Antisemitism, Antizionism, Jihadism and the Reunited Germany.
News by Fred Alan Medforth
Tuesday, November 08, 2016
Evangelical Church to Campaign Against Right Wingers
The president of the Council of the Evangelical Church in Germany (EKD) has demanded the church take a clear position against right wingers and work to promote pro-migrant issues.
President of the EKD, Heinrich Bedford-Strohm, has claimed that the internet and social media has led to a rise in so-called extremist and hateful opinions and that the church should work on making Germany more friendly for migrants, reportsDonau Kurier.Speaking at the EKD Synod on Sunday in Magdeburg, the president said that the prominence of “volkisch” ideas among the right wing in Germany was leading to a new wave of extremism. The word “volkisch” refers to the ethno-cultural people of Germany and became taboo after being used extensively by the Third Reich.
Leader of the anti-mass migration Alternative for Germany (AfD) Frauke Petry has said she would like to rehabilitate the term.
“I do not use this term myself, but I do not like the fact that it is always used in a negative context,” Petry has previously stated. She added that she did not accept that the German word for people, or Volk, should always be used negatively.
President Bedford-Strohm went on to highlight the role of social media in the wave of populism that has been growing since the start of the migrant crisis last year. “Whoeverattacks others under the guise of freedom of expression must bestopped,” he said. F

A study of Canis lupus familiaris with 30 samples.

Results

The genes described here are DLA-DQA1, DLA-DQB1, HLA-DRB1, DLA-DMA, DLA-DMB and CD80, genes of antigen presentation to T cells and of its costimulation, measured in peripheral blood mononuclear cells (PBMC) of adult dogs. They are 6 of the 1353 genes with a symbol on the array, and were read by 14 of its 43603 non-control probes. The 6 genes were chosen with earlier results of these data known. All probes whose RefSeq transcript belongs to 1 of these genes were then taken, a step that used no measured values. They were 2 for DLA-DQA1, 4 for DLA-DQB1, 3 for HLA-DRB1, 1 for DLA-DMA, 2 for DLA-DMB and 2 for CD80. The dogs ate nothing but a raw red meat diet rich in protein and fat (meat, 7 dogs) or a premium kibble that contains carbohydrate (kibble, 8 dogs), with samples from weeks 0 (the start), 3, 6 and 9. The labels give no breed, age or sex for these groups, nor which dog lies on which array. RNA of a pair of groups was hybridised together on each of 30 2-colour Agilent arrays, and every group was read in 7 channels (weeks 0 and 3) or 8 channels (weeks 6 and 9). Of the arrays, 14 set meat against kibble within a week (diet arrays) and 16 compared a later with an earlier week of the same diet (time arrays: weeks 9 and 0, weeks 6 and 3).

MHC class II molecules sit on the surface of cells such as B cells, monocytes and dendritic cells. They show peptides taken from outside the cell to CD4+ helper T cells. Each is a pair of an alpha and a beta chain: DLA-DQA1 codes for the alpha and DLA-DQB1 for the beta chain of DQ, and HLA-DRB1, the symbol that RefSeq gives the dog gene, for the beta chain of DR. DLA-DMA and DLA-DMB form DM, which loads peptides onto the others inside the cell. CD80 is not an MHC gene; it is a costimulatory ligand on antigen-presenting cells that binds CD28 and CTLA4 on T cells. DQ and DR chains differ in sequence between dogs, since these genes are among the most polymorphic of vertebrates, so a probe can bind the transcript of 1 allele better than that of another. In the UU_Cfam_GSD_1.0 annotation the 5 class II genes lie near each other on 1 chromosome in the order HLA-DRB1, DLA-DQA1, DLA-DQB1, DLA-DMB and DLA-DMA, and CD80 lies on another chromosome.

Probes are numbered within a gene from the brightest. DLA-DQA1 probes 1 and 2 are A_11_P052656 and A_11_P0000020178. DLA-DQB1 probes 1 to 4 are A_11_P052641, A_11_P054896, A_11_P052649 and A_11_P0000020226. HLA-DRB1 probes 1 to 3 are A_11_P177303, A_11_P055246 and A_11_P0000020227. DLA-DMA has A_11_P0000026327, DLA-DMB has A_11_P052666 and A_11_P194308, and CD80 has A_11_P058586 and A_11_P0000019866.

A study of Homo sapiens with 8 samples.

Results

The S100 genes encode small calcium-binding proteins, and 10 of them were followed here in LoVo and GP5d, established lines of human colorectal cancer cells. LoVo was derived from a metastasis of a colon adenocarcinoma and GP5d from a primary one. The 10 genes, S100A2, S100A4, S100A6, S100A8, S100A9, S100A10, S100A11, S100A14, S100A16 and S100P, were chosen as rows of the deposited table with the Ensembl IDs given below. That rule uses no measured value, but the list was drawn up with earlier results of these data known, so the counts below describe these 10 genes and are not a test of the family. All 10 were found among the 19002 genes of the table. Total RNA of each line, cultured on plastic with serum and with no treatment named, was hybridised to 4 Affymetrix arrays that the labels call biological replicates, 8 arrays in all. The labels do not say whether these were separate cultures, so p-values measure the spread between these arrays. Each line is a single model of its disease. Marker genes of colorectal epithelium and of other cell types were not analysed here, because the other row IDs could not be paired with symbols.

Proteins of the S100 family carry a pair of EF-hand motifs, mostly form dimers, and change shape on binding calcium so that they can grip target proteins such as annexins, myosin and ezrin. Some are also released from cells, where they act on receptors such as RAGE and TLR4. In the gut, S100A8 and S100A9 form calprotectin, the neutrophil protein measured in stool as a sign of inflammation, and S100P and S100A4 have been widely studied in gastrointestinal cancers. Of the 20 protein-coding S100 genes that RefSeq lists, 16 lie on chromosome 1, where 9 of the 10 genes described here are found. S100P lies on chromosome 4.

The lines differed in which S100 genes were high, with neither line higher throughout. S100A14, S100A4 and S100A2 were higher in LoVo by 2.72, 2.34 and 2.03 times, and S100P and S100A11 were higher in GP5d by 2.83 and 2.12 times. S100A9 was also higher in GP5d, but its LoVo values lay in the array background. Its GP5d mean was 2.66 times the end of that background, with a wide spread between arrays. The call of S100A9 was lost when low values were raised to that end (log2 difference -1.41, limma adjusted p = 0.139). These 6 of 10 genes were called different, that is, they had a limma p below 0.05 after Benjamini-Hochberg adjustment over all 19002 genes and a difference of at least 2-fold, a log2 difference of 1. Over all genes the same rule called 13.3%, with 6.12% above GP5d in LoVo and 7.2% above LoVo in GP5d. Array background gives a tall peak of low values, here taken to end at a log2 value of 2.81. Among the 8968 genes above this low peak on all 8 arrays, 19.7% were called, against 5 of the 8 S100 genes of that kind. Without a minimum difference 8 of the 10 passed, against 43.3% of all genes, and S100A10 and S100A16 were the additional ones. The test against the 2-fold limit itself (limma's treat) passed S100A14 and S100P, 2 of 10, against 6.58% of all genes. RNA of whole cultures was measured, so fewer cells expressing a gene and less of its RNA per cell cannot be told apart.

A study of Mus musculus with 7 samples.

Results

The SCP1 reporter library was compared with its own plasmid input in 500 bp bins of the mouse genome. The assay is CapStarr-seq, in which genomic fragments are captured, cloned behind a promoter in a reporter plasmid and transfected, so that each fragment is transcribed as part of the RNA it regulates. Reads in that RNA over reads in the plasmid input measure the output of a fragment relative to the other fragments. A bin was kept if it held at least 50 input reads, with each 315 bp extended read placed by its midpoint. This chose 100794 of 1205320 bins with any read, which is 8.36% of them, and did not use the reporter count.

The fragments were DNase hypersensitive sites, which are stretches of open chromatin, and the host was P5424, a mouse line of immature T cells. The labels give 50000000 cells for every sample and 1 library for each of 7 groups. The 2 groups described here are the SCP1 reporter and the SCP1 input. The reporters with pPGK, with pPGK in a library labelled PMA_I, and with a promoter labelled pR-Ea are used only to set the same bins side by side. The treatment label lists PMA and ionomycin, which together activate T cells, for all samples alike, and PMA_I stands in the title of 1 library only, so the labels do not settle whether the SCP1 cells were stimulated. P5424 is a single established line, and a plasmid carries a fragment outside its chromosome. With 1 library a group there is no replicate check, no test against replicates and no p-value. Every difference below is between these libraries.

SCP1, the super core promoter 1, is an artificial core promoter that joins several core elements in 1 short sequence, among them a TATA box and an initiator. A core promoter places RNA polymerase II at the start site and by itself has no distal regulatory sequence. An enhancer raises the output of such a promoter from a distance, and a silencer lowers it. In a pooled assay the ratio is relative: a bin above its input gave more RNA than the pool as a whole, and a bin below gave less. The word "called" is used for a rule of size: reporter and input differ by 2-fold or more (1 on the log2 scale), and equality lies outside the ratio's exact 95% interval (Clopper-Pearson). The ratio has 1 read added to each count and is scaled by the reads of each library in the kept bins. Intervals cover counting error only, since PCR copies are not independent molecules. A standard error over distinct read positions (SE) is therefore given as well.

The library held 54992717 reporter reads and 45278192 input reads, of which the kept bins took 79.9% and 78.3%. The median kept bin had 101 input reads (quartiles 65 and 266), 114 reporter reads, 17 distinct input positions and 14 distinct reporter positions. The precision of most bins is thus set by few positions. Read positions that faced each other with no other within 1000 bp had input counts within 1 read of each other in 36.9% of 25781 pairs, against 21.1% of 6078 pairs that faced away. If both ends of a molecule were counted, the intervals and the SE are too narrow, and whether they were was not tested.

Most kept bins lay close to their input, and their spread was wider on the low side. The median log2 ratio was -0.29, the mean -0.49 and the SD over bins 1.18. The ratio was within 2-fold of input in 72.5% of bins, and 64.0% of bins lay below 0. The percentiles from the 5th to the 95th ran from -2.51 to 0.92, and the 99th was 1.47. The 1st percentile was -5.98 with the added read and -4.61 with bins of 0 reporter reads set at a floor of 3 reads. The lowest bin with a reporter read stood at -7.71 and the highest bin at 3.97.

Freedom of expression has been curtailed in Germany with those critical of German Chancellor Angela Merkel’s migrant policies finding themselves arrested and their property searched in several high-profile raids on homes over alleged hate speech violations.
The EKD leader confirmed the church’s policy of working toward making Germany more friendly and accepting toward new migrants saying they will work “for this country to be hospitable and for the integration of the refugees to succeed in Germany”.
He added that Germans should in the future look back and say to themselves: “It was hard at the time, but we did it and we have become richer as a country by the people who came here.”
The Evangelical church in Germany’s stance on migrants is echoed by some in the German Catholic community who are so pro-migrant that they demanded that Christians who are persecuted by Muslims in asylum homes not be segregated. Thomas Sternberg, president of the Central Committee of German Catholics (ZdK), said that segregation would be a “disastrous signal” despite evidence of abuse.
A spokesman for the right-wing AfD claimed that the church’s ultra-pro-migrant stance may be evidence of an ulterior motive. According to AfD Bavarian chapter chief Petr Bystron, the church was pro-migrant because it directly profited from donations and government money. Bystron stated: “This phony public image of reaching out to refugees is also financing a gigantic charity industry under the organisational roof of the churches.